What are the Alternatives to Flushable Wipes?

Wipes for use in the bathroom that are considered flushable
Flushable wipes in a pink and orange package with the Supeck Septic Services lovo.

In a previous blog we discussed those supposed “flushable” wipes.  We don’t recommend them if you have a public sewer or a septic system. There are so many reasons including the fact that they don’t break down the same way that toilet paper does.  In public sewers, they are often the main cause of breaks in the water treatment plants. 

According to the US EPA, wet wipes, or “flushable” wipes, do not break down in sewer or septic systems and can damage your home’s internal plumbing as well as local wastewater collection systems. In some tests, wet wipes barely began to break down after 35 minutes of rapid agitation. In fact, flushable wipes remain intact within drain pipes even after months of being flushed.

Water Treatment plant seen from air that is often clogged with flushable wipes.

In two 1-day collection studies in New York and Florida, only about 1% of sewer debris was flushable wipes, but respectively 29.1% and 37% were non-flushable baby wipes. The US EPA says that flushing these wipes can clog your toilet and/or create sewage backups in your home or your neighborhood.

Outside of Your Home’s Plumbing, Flushable Wipes Can Continue to be a BIG Problem.

  • Wet wipes can clog up the discharge pipes in the public sewer.
  • Wipes can carry bubbles of air into the system, increasing the risk of cavitation.
  • Additional friction is added to the septic system and can cause erosion.
  • Waste can leak from the sewers causing health, safety, and environmental hazards.
  • Flushable Wipes have even been found to back up sewer lines of entire neighborhoods leading to backups into homes and businesses.

Thus, flushable wipes are not just a septic system problem, they are a major environmental problem no matter what type of system you are using.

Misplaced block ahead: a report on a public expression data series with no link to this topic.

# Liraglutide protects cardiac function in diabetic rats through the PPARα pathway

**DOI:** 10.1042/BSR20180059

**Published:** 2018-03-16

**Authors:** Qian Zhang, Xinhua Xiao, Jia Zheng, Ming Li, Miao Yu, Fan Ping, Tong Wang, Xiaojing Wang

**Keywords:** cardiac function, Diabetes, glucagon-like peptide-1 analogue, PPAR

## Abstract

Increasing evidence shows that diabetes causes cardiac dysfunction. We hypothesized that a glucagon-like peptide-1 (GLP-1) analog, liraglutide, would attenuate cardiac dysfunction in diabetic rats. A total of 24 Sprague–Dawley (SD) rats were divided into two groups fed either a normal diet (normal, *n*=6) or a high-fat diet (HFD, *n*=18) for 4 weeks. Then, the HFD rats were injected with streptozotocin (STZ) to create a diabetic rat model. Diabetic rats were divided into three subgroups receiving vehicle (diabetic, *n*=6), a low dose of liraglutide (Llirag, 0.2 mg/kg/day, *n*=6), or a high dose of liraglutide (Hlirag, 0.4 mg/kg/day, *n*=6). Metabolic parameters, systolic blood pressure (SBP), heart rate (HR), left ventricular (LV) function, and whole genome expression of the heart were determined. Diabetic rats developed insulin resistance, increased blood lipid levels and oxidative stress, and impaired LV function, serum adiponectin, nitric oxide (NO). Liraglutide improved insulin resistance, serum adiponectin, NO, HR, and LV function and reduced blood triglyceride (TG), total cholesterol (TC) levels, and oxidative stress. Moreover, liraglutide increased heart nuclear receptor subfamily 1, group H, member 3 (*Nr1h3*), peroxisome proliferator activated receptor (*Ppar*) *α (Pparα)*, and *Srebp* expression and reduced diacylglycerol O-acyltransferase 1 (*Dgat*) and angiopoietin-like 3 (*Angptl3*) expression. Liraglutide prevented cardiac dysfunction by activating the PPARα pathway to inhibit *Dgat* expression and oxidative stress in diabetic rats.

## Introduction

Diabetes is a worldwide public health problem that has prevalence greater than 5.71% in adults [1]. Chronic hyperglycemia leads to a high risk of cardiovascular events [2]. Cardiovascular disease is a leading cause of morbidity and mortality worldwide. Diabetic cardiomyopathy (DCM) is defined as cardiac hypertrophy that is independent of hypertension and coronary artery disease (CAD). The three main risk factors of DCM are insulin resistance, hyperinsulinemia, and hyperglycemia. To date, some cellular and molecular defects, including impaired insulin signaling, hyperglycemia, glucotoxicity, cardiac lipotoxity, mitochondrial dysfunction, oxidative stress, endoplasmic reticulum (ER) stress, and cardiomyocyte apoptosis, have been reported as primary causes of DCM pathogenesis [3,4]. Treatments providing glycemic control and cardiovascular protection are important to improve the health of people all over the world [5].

Alternatives to Flushable Wipes

If you can’t use the “flushable” wipes what are the alternatives that are septic-safe? There are several alternatives to flushable wipes.

Liquid Wipes or Toilet Foam

A newer option is to use regular toilet paper with the addition of a spray or foam cleaning solution.  The benefit of this option is that you are using toilet paper, that is already going to break down in your septic system as it was designed to do.  Adding foam or spray to that paper can help you achieve better cleanliness than paper alone.

These “flushable wipe” alternatives are now available in most retail stores in the same aisles as toilet paper. Often, they are similar in price to wipes.  Or you can shop on Amazon for even more eco-friendly alternatives.

The Bidet

Bidets are attached to or incorporated within a toilet. The basic design consists of a bowl-shaped basin connected to a water supply and drain with a nozzle that sprays water for personal hygiene. Some bidets clean only with the stream of water, while other bidets’ basins are meant to be filled up and used by hand.

Bidets are popular with men and women both. However, bidets haven’t caught on in the US because bathrooms aren’t built for them, and most Americans grew up using toilet paper.

However, there is a newer option available for American households that allow you to retrofit a bidet attachment to your standard toilet.  These options vary from a detached spray nozzle to an entire seat that heats your derriere and sprays an array of heated water and then dries your bum eliminating your need for paper products altogether.  You can look at some of the options on Amazon HERE.

Reusable Washcloths

You can also use washcloths or reusable cloth wipes that can be washed and reused. Like cloth diapers, they can be an eco-friendly alternative to flushing questionable products down into your toilet.  While this option requires that you store dirty wipes somewhere until you have enough to run a wash, you should also consider the product you use to clean them.  If the product contains a lot of chemicals, that may also affect your septic system.  To read more on this please see our previous blog HERE.

Conclusion:

No matter what your choice, it’s important to note that even if a wipe is labeled as “flushable,” it can still cause clogs and damage to the entire system. Therefore, it’s generally recommended to avoid flushing any type of wipe and dispose of them in the trash instead. The pros at Supeck Septic Services are here to help you and answer your questions feel free to contact us anytime!